Aug. 17 (Bloomberg) -- Supporters of Representative Michele Bachmann have set up a political action committee to take unlimited corporate, union and individual donations in support of her presidential campaign.
Bachmann, a Minnesota Republican who won the Iowa Straw Poll last weekend, became the latest presidential candidate to benefit from a so-called super PAC, which must report its donors to the U.S. Federal Election Commission. The PACs can fund advertising in support of or opposition to a particular candidate, though they cannot contribute directly to a campaign or coordinate their activities with the candidate.
“President Obama’s record makes him vulnerable,” the PAC, Keep Conservatives United, says on its Website. “But who can make the case -- a cautious, split the difference politician with a mixed message like Governors Rick Perry or Mitt Romney? No. Only a gutsy true conservative like Michele Bachmann.”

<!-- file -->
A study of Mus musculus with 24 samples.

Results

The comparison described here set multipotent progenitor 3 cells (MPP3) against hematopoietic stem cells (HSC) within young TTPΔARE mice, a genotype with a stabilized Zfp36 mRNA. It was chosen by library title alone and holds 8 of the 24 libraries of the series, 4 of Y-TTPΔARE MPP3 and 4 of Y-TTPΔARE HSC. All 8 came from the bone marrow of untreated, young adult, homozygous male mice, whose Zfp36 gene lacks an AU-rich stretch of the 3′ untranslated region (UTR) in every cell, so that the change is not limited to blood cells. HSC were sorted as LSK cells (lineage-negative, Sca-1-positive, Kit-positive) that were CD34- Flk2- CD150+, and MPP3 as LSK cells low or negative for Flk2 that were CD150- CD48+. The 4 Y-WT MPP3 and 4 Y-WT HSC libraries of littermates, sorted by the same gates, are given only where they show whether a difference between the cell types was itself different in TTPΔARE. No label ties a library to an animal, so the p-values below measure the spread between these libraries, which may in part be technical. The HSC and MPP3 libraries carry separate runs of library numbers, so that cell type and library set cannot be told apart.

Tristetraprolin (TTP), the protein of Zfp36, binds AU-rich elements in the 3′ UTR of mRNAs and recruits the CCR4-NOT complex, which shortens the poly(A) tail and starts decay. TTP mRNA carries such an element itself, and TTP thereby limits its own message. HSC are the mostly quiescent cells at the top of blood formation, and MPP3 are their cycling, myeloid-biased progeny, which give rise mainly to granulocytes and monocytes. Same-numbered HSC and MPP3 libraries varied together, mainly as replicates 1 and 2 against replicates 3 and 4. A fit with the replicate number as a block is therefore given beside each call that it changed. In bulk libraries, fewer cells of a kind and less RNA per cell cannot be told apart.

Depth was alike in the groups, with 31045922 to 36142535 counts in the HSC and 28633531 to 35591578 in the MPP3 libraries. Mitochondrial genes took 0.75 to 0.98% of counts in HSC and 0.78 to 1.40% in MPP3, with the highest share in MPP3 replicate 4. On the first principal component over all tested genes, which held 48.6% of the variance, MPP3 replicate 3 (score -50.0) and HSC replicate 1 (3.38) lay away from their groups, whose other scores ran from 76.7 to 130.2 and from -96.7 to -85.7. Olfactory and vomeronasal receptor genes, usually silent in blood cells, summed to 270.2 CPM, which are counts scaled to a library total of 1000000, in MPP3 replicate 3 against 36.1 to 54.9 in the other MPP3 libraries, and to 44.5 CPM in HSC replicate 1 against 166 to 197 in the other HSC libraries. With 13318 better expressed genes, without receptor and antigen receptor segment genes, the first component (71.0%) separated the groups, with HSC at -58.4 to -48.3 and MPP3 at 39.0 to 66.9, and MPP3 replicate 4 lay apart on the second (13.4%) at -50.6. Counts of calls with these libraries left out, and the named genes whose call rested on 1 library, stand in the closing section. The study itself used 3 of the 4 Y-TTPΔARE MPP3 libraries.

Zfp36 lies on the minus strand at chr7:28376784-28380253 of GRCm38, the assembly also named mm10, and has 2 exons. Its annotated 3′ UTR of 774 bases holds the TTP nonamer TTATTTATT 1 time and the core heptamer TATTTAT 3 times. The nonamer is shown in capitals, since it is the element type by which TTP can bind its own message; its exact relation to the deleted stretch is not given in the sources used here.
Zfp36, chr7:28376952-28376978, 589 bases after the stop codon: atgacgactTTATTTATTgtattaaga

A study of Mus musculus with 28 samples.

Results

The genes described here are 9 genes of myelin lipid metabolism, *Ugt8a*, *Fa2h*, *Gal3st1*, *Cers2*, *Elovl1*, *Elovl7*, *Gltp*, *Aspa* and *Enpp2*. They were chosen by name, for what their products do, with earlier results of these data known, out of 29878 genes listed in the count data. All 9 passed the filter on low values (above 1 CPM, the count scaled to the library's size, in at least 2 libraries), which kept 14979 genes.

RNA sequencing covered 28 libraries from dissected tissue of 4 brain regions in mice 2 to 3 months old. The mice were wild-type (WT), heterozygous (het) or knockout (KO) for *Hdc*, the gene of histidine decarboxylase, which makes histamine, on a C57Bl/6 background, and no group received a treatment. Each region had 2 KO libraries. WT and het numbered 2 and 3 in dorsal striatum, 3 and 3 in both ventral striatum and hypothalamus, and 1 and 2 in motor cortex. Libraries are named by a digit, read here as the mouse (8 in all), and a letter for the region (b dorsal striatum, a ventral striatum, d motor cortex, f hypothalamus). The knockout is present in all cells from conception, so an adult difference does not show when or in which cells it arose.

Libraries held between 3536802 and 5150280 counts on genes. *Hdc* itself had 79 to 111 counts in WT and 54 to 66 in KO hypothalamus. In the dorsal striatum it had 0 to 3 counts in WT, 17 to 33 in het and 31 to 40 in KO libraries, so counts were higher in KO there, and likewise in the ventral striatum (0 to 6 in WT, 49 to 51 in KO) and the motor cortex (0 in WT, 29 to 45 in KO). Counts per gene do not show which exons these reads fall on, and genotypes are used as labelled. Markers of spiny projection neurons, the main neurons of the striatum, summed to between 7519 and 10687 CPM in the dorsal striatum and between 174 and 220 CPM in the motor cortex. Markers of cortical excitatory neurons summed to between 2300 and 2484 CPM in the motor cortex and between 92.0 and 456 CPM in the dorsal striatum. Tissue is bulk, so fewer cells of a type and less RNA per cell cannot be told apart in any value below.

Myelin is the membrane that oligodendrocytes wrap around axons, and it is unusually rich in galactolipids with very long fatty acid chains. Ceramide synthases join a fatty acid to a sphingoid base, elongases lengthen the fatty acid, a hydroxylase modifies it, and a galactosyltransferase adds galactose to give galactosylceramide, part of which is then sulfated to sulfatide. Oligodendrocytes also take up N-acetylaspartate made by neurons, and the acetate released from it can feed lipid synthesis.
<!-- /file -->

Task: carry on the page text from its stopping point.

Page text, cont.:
The Bachmann-linked PAC is run by Bob Harris and Luther Snyder, former campaign aides to Republican Representative Renee Ellmers of North Carolina. Harris donated $250 to Bachmann’s presidential campaign, FEC records show.
The PAC is primarily focusing its fire on Perry, announcing it will run an online ad attacking him for his spending as governor of Texas. “As a spoiler, Perry can allow Romney to beat a divided conservative field,” the group said. So far, the PACs supporting Romney and Perry aren’t going after their favored candidates’ Republican rivals.
Super PACs also have been established by supporters of President Barack Obama and former Republican Governor Mitt Romney of Massachusetts and Perry of Texas.
The pro-Romney PAC, Restore Our Future, reported raising $12.3 million in the first six months of 2011, while Priorities USA Action, which supports Obama, raised $3.1 million.
Americans for Rick Perry took in $193,000, including $100,000 from Harold Simmons, chairman of Dallas-based Contran Corp., who has given more than $1 million to Perry’s gubernatorial campaigns.
A pro-Republican super PAC, American Crossroads, raised $3.9 million through June 30. The group is advised by two former aides to President George W. Bush, Karl Rove and Ed Gillespie and has said that it and an affiliated nonprofit that doesn’t disclose its donors, Crossroads GPS, will spend at least $120 million against Obama.